Attention: You are now leaving a Wintrust Community Bank website.
Read articles about finances, saving and community news.
Our team of experts is ready to help you manage your wealth.
Access all the commercial banking resources your business needs to succeed.
by Christy Bieber
October 27, 2017
by Christy Bieber
October 27, 2017
When you've decided to move out of the house you own, you likely want to unload the home as quickly as possible. Whether you're eager to get to a job in another state, have found a new dream home, or are simply tired of the mortgage payments, you don't want to spend months struggling to sell a home you no longer want to hang onto.
The good news is that the median home spends around 65 days on the market from the time it's listed until the closing date, according to Realtor.com. The bad news is that this is a median -- so while some homes have an offer within days, others take months or years to sell. You'll want to make sure your home is one of the ones that sells quickly so you aren't encumbered by continued ownership when you're ready to move on. These four tips help you make that happen.
A knowledgeable real estate agent knows the market where you live. The agent understands how to reach potential buyers through open houses, strategic ads, and networking with other agents. Good real estate agents also work with great photographers to take pictures and will be able to offer you key advice on how to make your home sell faster.
While you can list your house on the MLS (Multiple Listing Service) used by real estate agents on your own using a flat-fee service instead of paying a seller's agent, you could end up making the sales process take longer. You could also potentially wind up with a lower selling price than you'd obtain by having a professional assisting with the sale.
To find a good real estate agent, check listings in your area. Find out which realtor seems to have a lot of listings in your home's price range, and check to see if those listings seem to take a long time to sell. Consider going to open houses hosted by realtors you may work with. Determine if the realtors know a lot about the house, whether or not they interact with buyers in a professional way, and see if the house look like it's been staged to appeal. You'll also need to interview the realtor about how they plan to market your house so you can find out if you like their ideas and if they'd be a good fit.
No matter how nice your house is or how good your realtor is, a home that is priced too high is not going to sell quickly. Buyers generally know how to do their research into home sales, and, if they don't, their agent should help them check comparable sales in the area to find out what prices are reasonable. Buyers also have to obtain mortgages in most cases. This means that if a purchaser falls in love with your home and is willing to pay above market for it, the bank may not allow the transaction to go through if the house doesn't appraise for enough.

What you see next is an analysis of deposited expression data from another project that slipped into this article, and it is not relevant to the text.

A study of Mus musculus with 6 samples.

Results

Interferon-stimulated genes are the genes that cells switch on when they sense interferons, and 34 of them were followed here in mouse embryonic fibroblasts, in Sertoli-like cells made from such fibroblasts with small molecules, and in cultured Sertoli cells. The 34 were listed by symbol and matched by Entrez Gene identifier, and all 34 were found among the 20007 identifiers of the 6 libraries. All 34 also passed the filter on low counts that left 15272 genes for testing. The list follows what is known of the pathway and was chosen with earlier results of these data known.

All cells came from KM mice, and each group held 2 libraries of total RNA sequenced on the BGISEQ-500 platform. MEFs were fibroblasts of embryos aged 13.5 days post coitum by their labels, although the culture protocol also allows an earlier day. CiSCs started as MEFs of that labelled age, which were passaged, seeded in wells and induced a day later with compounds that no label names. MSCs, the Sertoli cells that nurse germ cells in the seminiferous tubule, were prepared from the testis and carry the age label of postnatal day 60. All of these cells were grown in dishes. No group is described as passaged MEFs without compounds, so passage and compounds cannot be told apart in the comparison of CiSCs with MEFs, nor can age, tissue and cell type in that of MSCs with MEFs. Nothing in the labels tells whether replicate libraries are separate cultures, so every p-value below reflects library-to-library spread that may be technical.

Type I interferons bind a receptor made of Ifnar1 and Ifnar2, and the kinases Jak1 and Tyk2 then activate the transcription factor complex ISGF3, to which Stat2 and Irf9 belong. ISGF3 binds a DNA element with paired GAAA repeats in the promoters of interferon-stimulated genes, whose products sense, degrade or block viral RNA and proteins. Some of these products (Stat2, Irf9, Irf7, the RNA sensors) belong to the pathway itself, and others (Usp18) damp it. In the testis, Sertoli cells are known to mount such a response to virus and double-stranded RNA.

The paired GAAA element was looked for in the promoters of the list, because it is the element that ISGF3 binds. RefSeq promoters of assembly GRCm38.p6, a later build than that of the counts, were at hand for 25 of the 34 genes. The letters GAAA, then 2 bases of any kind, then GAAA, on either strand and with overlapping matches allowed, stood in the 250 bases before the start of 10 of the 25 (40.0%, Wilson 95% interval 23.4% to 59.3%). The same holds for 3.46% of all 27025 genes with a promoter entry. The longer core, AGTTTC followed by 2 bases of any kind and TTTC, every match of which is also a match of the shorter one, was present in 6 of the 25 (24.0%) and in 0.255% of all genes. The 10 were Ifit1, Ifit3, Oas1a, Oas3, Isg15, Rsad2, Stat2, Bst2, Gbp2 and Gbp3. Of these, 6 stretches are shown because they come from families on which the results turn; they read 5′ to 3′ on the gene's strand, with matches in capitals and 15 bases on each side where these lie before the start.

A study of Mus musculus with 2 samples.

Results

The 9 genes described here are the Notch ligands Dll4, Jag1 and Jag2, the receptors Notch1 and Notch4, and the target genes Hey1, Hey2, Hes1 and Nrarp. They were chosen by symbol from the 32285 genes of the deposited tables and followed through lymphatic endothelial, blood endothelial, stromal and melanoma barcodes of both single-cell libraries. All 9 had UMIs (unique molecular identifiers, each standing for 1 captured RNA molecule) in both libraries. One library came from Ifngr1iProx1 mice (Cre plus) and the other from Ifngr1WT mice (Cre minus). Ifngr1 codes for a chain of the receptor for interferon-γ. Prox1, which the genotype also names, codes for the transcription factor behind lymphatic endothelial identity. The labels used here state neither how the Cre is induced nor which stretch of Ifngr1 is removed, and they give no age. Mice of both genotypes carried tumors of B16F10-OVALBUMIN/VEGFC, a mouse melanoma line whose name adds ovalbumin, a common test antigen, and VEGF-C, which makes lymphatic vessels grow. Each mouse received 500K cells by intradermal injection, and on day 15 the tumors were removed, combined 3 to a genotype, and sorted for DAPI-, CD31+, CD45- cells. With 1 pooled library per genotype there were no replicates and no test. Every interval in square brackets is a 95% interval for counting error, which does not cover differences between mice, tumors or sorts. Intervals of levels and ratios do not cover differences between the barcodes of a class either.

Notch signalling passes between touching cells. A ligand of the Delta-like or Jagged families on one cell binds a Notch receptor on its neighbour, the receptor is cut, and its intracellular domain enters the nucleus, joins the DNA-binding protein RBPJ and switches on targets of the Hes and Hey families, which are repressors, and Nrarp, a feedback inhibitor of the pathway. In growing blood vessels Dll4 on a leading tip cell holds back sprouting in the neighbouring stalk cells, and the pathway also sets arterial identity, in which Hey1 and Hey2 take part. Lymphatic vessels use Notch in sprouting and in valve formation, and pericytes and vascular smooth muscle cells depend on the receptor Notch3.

While you may believe you can always drop your price later if you start with a high number, you'll miss the new listing buzz if the home isn't priced properly to begin with. Plus, if your home sits on the market for a long time because it's priced too high, this could make buyers wary because they'll wonder what's wrong with the home and why no one has snapped it up yet.
A good realtor will help you determine an appropriate price. You could also hire an appraiser to give you an idea of what your home should sell for, or can check out other listings and sales in your area to get an idea of what the market is like and how your house compares.
You have just one chance to make a good impression on a potential buyer who sees your house for the first time. If a buyer pulls up to your home and sees an unmowed lawn, messy gardens, peeling paint, or other problems, they're likely to either walk away or to see the house as a fixer-upper for which they should make a low-ball offer.
If your house isn't inviting from the outside, some buyers may opt not to even step indoors to see all it has to offer. An unkept or unattractive front yard also makes for bad listing pictures, so buyers may not click through or ask their realtor to take them to see the home.
You can make quick fixes with strategically placed plants, attractive outdoor lighting, and touch-ups to paint to dramatically improve the first impression your house makes. If buyers have a good feeling before they walk into your home, they're more likely to look at your house as having potential since they'd be proud to have friends pull up to it.
If your home is dated, investing a lot in remodeling may not make a lot of sense as buyers may prefer to make upgrades suited to their own taste. However, it can be hard for buyers to visualize themselves in a home if it's got wild decorating or if it's designed too much to your personal aesthetic.
There are often simple, affordable fixes to help buyers see the potential and picture themselves living in your home. Things like changing the paint color could make a huge difference in how fast you get an offer and how much you receive for your home. Decluttering and removing personal family items also makes it easier for buyers to see your home's features and to imagine the lives their family would live in the house. Making minor repairs -- like fixing that leaky faucet -- ensures buyers don't get the impression your home has a lot of deferred maintenance they'll need to handle.
Your realtor can advise you on what fixes will help you sell your home more quickly. Listen to their expertise if you don't want to lose out on a sale just because your home isn't painted properly or because your kids' toys are preventing a potential buyer from seeing that beautiful fireplace that could be the feature that convinces them to make an offer.